Seldom-used law that put loyalist Johnny ‘Mad Dog’ Adair behind bars in 1990s is used to charged 47-year-old man

Henry McDonald
18 May 2012

Anti-terrorist laws used to jail the top loyalist Johnny “Mad Dog” Adair have been used to charge a suspected republican dissident.

The 47-year-old from the Lurgan area of County Armagh will face charges of “directing acts of terrorism’ – a relatively unused piece of legislation that put Adair behind bars for several years in the 1990s.

The suspect, along with two other men aged 41 and 42, will appear at Lisburn magistrates court on Saturday morning. All three men face charges of conspiracy to murder, conspiracy to cause an explosion, the preparation of terrorist attacks and collecting information of use to terrorism, the Police Service of Northern Ireland (PSNI) said on Friday night.

The PSNI said the charges “are a result of an investigation led by police into dissident republican terrorist activity”.

A PSNI spokeswoman said the police had worked closely with colleagues in MI5 and the Public Prosecution Service to reach a point where charges had been brought.

The arrests in Lurgan centre on a suspected unit of the Continuity IRA, which has a small but active presence in the North Armagh area. The terror group was responsible in March 2009 for murdering the PSNI officer Stephen Carroll.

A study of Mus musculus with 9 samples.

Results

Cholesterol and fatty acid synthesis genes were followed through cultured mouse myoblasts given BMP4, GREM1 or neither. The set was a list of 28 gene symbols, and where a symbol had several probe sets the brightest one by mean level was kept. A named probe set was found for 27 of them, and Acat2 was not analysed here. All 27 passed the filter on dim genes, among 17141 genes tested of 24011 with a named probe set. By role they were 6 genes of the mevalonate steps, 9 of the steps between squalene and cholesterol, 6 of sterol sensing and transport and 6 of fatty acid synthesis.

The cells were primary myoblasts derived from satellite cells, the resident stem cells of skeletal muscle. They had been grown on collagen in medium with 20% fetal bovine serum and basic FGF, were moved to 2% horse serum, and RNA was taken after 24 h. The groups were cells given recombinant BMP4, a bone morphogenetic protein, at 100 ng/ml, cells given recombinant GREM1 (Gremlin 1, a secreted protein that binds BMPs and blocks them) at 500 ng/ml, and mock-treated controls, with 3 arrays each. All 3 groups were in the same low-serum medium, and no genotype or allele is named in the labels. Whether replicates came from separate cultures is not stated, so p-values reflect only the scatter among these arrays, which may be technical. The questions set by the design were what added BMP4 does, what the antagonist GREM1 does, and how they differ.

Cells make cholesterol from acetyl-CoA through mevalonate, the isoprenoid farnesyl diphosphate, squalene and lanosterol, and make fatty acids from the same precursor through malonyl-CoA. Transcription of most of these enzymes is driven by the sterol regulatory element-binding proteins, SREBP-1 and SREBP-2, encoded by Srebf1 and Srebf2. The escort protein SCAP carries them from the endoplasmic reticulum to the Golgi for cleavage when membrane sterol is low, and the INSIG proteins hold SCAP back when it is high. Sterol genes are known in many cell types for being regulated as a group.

The “directing acts of terrorism” charge is highly controversial and has been criticised by some civil liberties groups in the past. Under the legislation a suspect can be arrested and held on remand and then face charges on the word of a senior police commander from the rank of superintendent who will tell the court he or she believes the person detained is directing terrorist organisations.

Meanwhile, three men and a woman remain in custody after arrests in Carrickmore, Toome, Omagh and Pomeroy as part of a drive by the security forces against dissident republican terrorist groups opposed to the peace process and power sharing in Northern Ireland.

The detentions in counties Tyrone and Antrim are part of a parallel security operation against a breakaway faction of the Real IRA with a stronghold in the east Tyrone area.